If we took a moment to reflect on some of the biggest technological advancements in recent history, SLI has to be on the short list. Thanks in part to the increased bandwidth of PCI Express, NVIDIA paved the way for running two matching PCI Express based video cards concurrently, resulting in what we know today as SLI.
As with virtually any technology, there are positives and negatives to SLI. First, the cards used must be the same and designed specifically to support SLI. Second, the power requirements of today's NVIDIA graphics cards will require many to add a new PSU to their upgrading budget, in many cases. However, these added considerations can yield some impressive performance gains in the long run, while adding longevity to your investment. What's even better is that user's can build a SLI system on a budget and still appreciate real performance gains. Even the pairing of two affordable GeForce 6600 GTs can result in some sweet returns.
The latest SLI ready motherboard to come our way is actually a revision of the ECS KN1 Extreme we reviewed in July. This time around it's the ECS KN1 SLI Extreme we're running through the testing track. Back then, we found the KN1 Extreme to be a well rounded motherboard that lacked some overclocking features, contrary to what the "Extreme" label implied. Nonetheless, its clean layout, competitive pricing and excellent retail bundle made for an attractive all-around product. With the KN1 SLI, ECS traded in a PCIe x1 slot for a second PCI Express x16 slot, bringing support for SLI to the mix while making a few other adjustments as well.
Socket 939 for AMD Athlon™ 64/ Athlon™ 64 FX processor.
Socket 939 for AMD Athlon™ 64 X2 Dual-Core/ Athlon™ 64/ Athlon™ 64 FX processor.
High-performance Hyper Transport CPU interface.
Support transfer rate of 2000/1600/1200/800/400 mega-transfers per second.
NVIDIA nForce4 SLI
Dual-channel DDR memory architecture
4 x184-pin DDR SDRAM DIMM socket support up to 4 GB
Support DDR400/333/266 DDR SDRAM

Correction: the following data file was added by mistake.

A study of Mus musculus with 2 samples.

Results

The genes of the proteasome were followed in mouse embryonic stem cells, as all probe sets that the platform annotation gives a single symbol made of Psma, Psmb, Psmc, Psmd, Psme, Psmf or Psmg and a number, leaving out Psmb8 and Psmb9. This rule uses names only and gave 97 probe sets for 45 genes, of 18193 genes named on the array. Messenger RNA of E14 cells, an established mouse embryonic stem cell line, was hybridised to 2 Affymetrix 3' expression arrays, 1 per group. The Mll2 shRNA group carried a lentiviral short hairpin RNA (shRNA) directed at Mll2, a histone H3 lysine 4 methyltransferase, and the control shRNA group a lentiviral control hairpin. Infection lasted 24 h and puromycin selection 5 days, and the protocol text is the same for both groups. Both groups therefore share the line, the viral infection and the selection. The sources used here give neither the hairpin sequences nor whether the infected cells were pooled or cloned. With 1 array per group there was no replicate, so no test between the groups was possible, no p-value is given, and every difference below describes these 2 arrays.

2 x PCI Express x16 slot ( SLI mode: x8, x8 )
1 x PCI Express x1 slot
3 x PCI slots
Supported by nForce4 SLI
-- 4 x Ultra DMA133/100/66 devices
-- 4 x Serial ATA2 devices
RAID0, RAID1 & RAID 0+1 configuration
Supported by SiI3132
-- 2 x Serial ATA2 devices
-- RAID0, RAID1, PM and eSATA support
Realtek ALC850 supports Intel 8 channel audio
Compliant with AC'97 2.3 specification
Realtek 8100C 10/100 Mbps Fast Ethernet controller
Marvell 88E1111 Giga LAN PHY
Award BIOS with 4Mb Flash ROM
Supports Plug and Play 1.0A, APM 1.2, Multi Boot, DMI
Supports ACPI revision 1.0 specification
TI TSB43AB22A support 2 x IEEE1394a
REAR PANEL I/O
1 x PS/2 keyboard & PS/2 mouse connectors
4 x USB ports
2 x RJ45 LAN connectors
2 x Digital SPDIF (Optical & Coaxial) out
1 x Serial port (COM1)
1 x Audio port (Line-in,4x Line-out, Mic_in)
INTERNAL I/O CONNECTORS & HEADERS
1 x 24-pin ATX Power Supply connector
1 x 4-pin ATX 12V connector
1 x Auxiliary 4-pin +12V connector
1 x FDD connector supports two 360K~2.88MB FDDs
2 x IDE connectors
6 x Serial ATA connectors
1 x IrDA for SIR header
2 x 1394a headers
3 x USB 2.0 headers support additional 6 USB ports
1 x Front panel switch/LED header
1 x Front panel audio header
1 x 26-pin LPT header
CD in header
ATX Size 305mm*244mm
The retail bundle of the KN1 SLI Extreme didn't change all that much from the original KN1. With this edition, ECS opted to scale back the SATA cabling to four instead of the six included in the original KN1's package, trading two cables for a single external SATA adapter. We also found the necessary SLI bridge clip to tie two SLI ready graphics cards together. Aside from that, the package was the same, with some interesting options. Along with a Molex-to-SATA power cable adapter, a single IDE and floppy cable, ECS included an Ethernet cable and an external parallel port adapter for legacy support. There were also Setup and Software Application CDs along with a well documented User's Manual. Rounding out the package was an ECS case badge, custom I/O shield and a bracket with two USB ports and two FireWire ports that can occupy a PCI slot or be converted to fit into a 3.5" drive bay.
Lastly, ECS included their Top Hat BIOS recovery device which is essentially a second BIOS chip that can piggy back to the board's chip to recover the on-board ROM from a bad flash. When we first encountered this with the original KN1 we found it to be peculiar, as many other products integrate a second ROM to the motherboard. Nonetheless, the process works as promised.